1711 Bruntsfield Links - The Poet Golfer
After buying his first set of clubs in Perth in 1502, King James IV spent February 1503 in Edinburgh, and his household accounts record a purchase of golf clubs and balls, though this may be a previous transaction elsewhere, such as Falkland Palace. There is also a note by the Court Treasurer drawing money for the King for a payment in respect of golf with the Earl of Bothwell, which may be a lost wager. If in Edinburgh, it is not known where they played; it could have been near Holyroodhouse Palace, beside Arthur Seat, where 350 years later some Bruntsfield Links Golfing Society members laid out a temporary and unofficial course.
The King's visit to Edinburgh may have been part of the preparations for his marriage to Margaret Tudor, daughter of Henry VII of England, which took place at Holyrood Abbey in in August 1503 in Edinburgh. It was because of this marriage that his great-grandson James VI, also a golfer, succeeded Elizabeth I of England exactly one hundred years later.
Council records from 17th Century often mention the rights of golfers to use Bruntsfield Links to play golf over the rights of others who wanted to quarry pits, graze animals or drive roads through the Links. In 1687-88 Thomas Kincaid, a medical student, records golfing in his diary at Leith Links, and probably also played at Bruntsfield. Thomas Kincaid wrote the world's first golf training instructions on 26th January 1687. Though the stance he recommends appears a bit odd today, he clearly describes the necessity of a full turn and keeping your shoulders level as well as following through the same distance as you have taken the club back.
In 1718, Alan Ramsay, the poet, published an 'Elegy on Maggy Johnson who died in Anno 1711' which told of great number of people who mourned the passing of Maggy Johnson, keeper of a Houff (tavern) at Bruntsfield, with the well known rhyming couplet:-
'Whan we were weary'd at the Gouff,
Then Maggy Johnson's was our Houff;'
Alan Ramsay 1718
From at least 1735, members of group who would be known at the Royal Burgess Golfing Club were playing on Bruntsfield, but under what name is not certain. In 1761, or thereabouts, the Bruntsfield Association, which became the Bruntsfield Links Golfing Society, began playing apparently created as a splinter group from the Burgess Club.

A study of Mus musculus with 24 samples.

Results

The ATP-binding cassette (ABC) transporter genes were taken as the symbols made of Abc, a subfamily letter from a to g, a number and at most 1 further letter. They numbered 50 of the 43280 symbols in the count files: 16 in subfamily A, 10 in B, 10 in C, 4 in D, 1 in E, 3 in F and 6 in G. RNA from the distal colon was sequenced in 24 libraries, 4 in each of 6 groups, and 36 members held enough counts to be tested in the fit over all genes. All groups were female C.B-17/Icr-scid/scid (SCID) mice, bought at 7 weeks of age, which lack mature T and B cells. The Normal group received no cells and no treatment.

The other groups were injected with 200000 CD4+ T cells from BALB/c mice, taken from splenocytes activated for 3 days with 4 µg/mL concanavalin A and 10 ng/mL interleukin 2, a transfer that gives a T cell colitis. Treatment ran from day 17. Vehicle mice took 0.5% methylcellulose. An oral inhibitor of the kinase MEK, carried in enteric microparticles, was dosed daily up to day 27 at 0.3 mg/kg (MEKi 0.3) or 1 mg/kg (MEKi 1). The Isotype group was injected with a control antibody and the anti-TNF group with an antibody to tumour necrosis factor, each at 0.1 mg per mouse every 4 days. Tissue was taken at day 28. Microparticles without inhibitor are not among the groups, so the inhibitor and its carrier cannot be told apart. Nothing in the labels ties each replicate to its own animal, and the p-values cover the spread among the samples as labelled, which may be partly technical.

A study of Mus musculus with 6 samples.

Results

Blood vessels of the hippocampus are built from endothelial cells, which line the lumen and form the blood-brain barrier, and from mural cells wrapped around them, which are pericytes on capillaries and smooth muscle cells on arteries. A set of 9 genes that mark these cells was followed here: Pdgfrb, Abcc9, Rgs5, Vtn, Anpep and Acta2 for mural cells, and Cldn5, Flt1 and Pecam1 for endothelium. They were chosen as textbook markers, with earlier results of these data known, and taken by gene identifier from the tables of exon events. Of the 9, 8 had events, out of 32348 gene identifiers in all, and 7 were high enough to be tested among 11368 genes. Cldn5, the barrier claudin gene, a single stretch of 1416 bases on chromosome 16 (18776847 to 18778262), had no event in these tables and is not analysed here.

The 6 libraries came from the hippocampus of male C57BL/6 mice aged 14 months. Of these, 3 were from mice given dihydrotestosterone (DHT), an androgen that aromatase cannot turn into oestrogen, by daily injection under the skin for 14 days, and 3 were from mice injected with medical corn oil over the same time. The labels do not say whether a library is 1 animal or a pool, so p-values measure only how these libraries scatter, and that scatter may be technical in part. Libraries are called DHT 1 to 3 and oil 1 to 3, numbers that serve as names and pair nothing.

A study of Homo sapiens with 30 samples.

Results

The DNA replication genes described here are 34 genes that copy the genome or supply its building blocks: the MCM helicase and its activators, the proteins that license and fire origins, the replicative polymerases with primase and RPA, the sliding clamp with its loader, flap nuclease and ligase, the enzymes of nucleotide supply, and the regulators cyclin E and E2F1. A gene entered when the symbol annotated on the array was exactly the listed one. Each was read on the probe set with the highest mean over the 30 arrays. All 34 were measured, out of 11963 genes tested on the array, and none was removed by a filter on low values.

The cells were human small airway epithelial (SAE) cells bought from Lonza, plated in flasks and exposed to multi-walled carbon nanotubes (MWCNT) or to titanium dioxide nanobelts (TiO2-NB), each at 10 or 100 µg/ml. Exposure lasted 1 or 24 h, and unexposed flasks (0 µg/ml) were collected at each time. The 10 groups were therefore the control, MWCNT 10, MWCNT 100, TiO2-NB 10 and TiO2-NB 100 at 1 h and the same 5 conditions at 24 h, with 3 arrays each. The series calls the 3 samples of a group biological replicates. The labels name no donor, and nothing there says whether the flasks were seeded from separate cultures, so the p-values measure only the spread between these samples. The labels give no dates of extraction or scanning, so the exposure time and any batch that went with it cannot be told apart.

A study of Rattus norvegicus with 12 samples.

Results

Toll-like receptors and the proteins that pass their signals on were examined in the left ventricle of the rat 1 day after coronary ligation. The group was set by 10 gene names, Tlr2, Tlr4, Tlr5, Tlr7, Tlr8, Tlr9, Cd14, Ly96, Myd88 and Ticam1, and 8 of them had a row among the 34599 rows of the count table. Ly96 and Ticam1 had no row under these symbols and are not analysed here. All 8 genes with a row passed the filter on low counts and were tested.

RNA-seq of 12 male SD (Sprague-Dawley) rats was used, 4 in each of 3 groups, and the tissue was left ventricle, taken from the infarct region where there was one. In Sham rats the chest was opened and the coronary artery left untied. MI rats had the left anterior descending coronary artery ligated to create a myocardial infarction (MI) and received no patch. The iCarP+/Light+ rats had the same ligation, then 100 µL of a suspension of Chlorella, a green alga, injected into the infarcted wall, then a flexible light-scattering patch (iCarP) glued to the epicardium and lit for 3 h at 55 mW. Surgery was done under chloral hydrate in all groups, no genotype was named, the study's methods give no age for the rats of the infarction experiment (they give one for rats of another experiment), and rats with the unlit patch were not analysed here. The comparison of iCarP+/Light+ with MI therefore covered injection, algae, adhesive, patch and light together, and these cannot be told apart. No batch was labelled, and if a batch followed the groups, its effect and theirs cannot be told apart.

The first house on this area of the Links, then called the Burgh Muir, was built in 1717, on land feu'd (leased) by the Council in 14th June 1716 to Mr James Brownhill. The building became known as Golfhall or Foxtoun or Foxton and, over the next eighty years it was tenanted to Thomas Comb, a golf club and ball maker; and the Bapties and later Alexander Fraser, who were all publicans.
Golf on the Links is seen clearly in paintings of the time by the military artist Paul Sandy (1746), now at the British Museum, as well later by Slack (1797) and a print by J Ewbank (1798), a copy of which hang in the Bruntsfield Links GS clubhouse at Davidson's Mains.
For many years, the course consisted of five holes. On 4th June 1818 the sixth hole, called the Union Hole was inaugurated with a match between the Burgess and Bruntsfield clubs.
The Burgess club used 'Golfhall' as their clubhouse from at least 1773 until 1792. They then took a lease on Captain Rollo's house, which is called both the 'Golf Tavern' and the 'Golf Hotel' in different publications. It is called the 'Golf Tavern' in the Burgess Chronicles and is shown in one later etching as the 'Golf Hotel', as it is in the course map of 1818, shown above. The Burgess club met there until 1874, when they moved to Musselburgh.
Both Golfhall and the Golf Hotel have been demolished. They were almost certainly on the street called 'Wrights Houses', (now called Barclay Terrace). This name is derived from a mansion called 'Wryt's House', which was on the other side of the present road and which gave rise a village around it called Wright's Houses. The old 'Wryt's House' was pulled down in 1800 so that James Gillespie could build a Hospital, later used as the Royal Asylum and School for the Blind.
Number 30/31 Wrights Houses was the clubhouse of the Bruntsfield Links golfing club members from about 1788 until 1890, even after the Bruntsfield club left for Musselburgh in 1839. It was two doors down from the 'Golf Hotel.'
Details of some of the club-mistresses of 30/31 Wrights Houses are given in Bruntsfield Links Golfing Society. As the building still exists, it is therefore the oldest clubhouse still standing. It was probably built in mid/late 18th Century and was remodeled and renamed 'Ye Olde Golf Tavern' in late 19th Century, after the Bruntsfield Links club gave up their lease in 1890. Today it erroneously carries the Burgess motto and logo, though it was never their clubhouse.
The middle of the 19th century there were dozens of club playing Bruntsfield Links and crowding was a serious issue. The City Council decided to open Braids golf course in 1893 , laid out by Bob Ferguson and Peter McEwan.
The Bruntsfield Links still has a summer 36-hole pitch-and-putt course. Clubs and balls can be obtained from the Golf Tavern, continuing its roll as a clubhouse.